Monday, July 9, 2012
Ground? Meet Face.
There is a great line from the movie Indiana Jones and the Last Crusade.
Professor Jones speaks it after Walter Donovan is relating to him their results of the Grail mission, and reveals that they were very close to success. That their project leader was 'one step away' from completing the quest.
Indy replies as an aside (or an interruption rather) with a statement that is a foreshadowing of events that will unfold as he nears the end of his own journey towards the Cup of Christ as he walks along the footsteps of The Word of God at the end of the film and the ground literally gives way beneath him.
But it is also a statement that applies, and is often used by many people (OK, geeks), to describe that uneasy feeling you get when things should feel more settled but don't, when you should be at ease and aren't.
Because especially in this world of being a Special Needs parent, just when you think things seem to be leveling off for a while, and you think that you are getting close to a place where you can walk with a feeling of security, 'That's usually when the ground falls out from underneath your feet.'
Bennett's behavior and his focus have been issues we have been dealing with for a long time. We've tried a lot of things, unsuccessfully. The funny thing is that lately? Some of the techniques that many of you have sent me privately and publicly I have been using and they have BEEN MAKING A DIFFERENCE.
But then we had to go and fuck it up.
My psychiatrist had recommended we try Vyvanse for Bennett. Initially, we'd resisted. We'd gone down the road of ADHD medications before. He always reacted badly. But we have to always measure the past against hope for a better future for Bennett.
This decision to pull the trigger on Vyvanse wasn't easy for us. Took us a month to decide. We ultimately did, and gave him a single dose on Saturday morning.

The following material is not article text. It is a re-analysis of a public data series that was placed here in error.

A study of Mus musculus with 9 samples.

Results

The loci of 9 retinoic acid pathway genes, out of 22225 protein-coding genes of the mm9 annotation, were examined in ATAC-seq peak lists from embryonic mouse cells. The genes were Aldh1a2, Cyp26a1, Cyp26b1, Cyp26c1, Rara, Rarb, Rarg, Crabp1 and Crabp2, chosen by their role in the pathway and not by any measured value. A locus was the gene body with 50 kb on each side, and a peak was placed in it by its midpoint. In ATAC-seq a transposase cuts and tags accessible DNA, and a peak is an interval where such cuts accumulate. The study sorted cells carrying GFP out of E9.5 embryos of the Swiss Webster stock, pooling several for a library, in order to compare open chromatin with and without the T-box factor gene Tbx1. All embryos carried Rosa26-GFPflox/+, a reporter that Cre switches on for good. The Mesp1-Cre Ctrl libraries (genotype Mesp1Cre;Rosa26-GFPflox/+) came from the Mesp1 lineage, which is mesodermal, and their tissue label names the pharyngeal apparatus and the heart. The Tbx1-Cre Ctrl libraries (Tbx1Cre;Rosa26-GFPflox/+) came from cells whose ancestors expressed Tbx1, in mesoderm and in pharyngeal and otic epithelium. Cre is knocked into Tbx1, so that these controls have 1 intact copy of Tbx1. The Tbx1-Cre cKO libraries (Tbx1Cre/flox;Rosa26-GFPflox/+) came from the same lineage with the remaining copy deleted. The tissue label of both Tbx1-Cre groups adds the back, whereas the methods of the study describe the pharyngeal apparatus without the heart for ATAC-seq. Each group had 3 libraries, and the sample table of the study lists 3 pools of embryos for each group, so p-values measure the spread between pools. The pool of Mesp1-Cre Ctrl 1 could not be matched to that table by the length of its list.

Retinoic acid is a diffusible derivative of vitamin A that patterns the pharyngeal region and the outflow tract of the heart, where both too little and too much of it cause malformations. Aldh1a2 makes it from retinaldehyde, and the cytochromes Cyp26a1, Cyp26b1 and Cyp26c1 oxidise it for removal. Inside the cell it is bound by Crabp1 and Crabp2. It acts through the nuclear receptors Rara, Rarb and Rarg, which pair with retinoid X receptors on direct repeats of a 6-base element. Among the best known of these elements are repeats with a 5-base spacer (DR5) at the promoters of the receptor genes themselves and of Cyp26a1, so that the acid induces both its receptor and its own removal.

The next 24 hours were Hell on Earth for that boy.
I have never in my life been more concerned for his safety. It was a nightmare. He would try launching himself, head first, off of furniture, with no concern for consequence. He threw everything. He pulled over objects regardless of their weight or where they might land.
It was awful. Carter was scared shitless and we got him out of there and he went to his grandparents.
And Bennett? He just had to ride it out. He bit me, Jen, himself. We had to restrain him a lot from causing himself or us harm. It was something I never want to see him go through again. Ever.
Jen and I both decided. We're done with trying meds with him. We're just done. We are not giving up on trying to help Bennett, don't get me wrong. We are just not giving him any more drugs.
I shot some video during this. Jen asked me not to show it. I'm respecting her wishes. It is not a flattering portrait of our son. My intent was educational, I wasn't trying to be an asshole even by shooting some of it. So you won't see it, or the photos. I was conflicted about blogging about the experience. Jen at first did not think I should, but I convinced her that it was important that I do so.
I wanted to talk about this just as a precautionary, I felt it was important in discussing the evolution of the whole process of Bennett's journey.
Ignoring it, or brushing it under the rug, would not do Bennett justice and certainly I want any other parents out there who read this blog who might be considering medications to know all the ones we've tried and failed and what happened when we tried them.
I'm glad this weekend is over. Really glad. Now we'll be moving on to other things. And having Bennett back to 'normal' on Sunday was something that was wonderful...warts and all.